Thomas Michael Hartmann, Stefano Zuffi, Rosa Giorgi
The Gorgeous Nothings: Emily Dickinson's Envelope Poems
Emily Dickinson, Susan Howe
Selected Poems
Emily Dickinson
Emily Dickinson
Cynthia Griffin Wolff
Lies My Teacher Told Me : Everything Your American History Textbook Got Wrong
James W. Loewen
Gone with the Wind
Margaret Mitchell

A Nation of Readers: The Lending Library in Georgian England

A Nation of Readers: The Lending Library in Georgian England - David Allan (leaving my first impression, adding to it in a minute): SQUEE! I got my own copy! It just arrived! And unlike many university titles, this book has *heft*! Heavy paper and actual length. I'm so tired of paying a billion dollars for under a hundred pages.

Finished! Here's what I learned: That book clubs are very old, and started out not as groups of people getting together to read and discuss the same book, but groups of people pooling their funds in order to purchase and share books, which were very expensive. Eventually this led to the members of the club getting together to discuss the books. These gatherings were exclusively male, because they were held in pubs.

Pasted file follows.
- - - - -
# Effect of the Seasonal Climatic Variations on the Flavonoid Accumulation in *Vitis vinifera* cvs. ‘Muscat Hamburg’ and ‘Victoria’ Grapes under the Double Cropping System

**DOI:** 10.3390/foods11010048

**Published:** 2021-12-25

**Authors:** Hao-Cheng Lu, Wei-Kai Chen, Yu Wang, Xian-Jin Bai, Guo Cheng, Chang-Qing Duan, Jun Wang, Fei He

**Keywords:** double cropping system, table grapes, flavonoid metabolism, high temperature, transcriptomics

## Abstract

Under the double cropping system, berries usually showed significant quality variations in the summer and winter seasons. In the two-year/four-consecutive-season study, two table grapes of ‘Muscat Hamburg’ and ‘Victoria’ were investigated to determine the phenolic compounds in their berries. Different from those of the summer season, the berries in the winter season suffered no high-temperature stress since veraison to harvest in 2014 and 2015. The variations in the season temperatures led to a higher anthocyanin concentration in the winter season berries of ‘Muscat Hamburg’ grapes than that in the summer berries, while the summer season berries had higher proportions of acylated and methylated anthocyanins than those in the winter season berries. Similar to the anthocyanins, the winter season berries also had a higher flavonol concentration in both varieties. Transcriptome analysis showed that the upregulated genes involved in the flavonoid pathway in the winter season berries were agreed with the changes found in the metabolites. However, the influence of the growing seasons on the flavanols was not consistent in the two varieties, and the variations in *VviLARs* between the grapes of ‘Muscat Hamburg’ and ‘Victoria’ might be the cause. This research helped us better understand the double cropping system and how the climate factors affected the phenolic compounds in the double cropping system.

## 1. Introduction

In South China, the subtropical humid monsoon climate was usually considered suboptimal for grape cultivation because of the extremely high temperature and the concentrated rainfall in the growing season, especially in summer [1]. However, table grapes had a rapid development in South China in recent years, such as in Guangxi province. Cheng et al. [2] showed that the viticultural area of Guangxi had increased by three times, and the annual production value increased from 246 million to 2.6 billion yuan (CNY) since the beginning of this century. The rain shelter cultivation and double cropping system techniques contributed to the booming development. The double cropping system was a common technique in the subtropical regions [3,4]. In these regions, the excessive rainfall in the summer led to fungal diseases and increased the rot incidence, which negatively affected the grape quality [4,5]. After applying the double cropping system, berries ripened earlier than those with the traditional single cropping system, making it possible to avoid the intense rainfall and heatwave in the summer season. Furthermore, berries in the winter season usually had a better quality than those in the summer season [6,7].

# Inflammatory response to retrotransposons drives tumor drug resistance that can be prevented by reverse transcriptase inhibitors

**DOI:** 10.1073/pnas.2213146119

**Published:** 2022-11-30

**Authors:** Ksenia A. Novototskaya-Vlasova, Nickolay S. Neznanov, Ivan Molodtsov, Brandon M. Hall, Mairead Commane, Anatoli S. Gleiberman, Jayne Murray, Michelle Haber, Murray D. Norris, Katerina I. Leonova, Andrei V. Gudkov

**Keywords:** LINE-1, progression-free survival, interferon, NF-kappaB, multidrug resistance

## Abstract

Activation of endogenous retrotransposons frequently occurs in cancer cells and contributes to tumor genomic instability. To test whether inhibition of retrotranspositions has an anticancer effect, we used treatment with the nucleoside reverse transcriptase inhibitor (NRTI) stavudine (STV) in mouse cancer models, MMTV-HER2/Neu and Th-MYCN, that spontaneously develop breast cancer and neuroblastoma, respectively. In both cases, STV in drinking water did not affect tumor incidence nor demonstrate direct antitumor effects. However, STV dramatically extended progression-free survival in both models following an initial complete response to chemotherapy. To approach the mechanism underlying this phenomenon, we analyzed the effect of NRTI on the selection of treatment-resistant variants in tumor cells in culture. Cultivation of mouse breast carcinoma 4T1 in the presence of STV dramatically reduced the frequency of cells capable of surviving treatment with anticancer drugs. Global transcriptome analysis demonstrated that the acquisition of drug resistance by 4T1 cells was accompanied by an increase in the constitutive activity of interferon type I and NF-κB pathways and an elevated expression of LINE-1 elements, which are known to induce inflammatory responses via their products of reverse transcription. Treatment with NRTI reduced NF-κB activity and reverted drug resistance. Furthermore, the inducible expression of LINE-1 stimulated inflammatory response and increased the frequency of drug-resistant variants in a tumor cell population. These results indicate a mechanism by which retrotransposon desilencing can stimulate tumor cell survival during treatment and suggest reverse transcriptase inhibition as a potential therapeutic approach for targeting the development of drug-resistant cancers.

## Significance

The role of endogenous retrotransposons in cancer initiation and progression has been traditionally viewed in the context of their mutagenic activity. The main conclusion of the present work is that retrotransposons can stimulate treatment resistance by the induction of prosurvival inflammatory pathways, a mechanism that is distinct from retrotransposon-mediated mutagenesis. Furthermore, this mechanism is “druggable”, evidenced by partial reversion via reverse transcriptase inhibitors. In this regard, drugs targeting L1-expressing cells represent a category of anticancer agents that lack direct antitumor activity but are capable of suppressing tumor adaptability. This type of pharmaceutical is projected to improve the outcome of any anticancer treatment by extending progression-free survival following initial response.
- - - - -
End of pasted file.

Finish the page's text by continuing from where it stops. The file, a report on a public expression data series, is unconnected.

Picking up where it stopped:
These book clubs also evolved into subscription lending libraries, to which members of the public could pay a fee in order to borrow titles. Again, the end-result was that people who had a little disposable cash and a taste for reading could pool their funds with like-minded sorts and have access to more books than they could have purchased as individuals.

"A Nation of Readers" outlines the history of the lending library (which, of course, eventually evolved into the public libraries we know and love). It also gives a great many details as to what titles and sorts of people one might find in such a library. I'm doing research for a YA novel set in Regency England, and my main character is a reader, so this book gave me some much-appreciated information on the subject.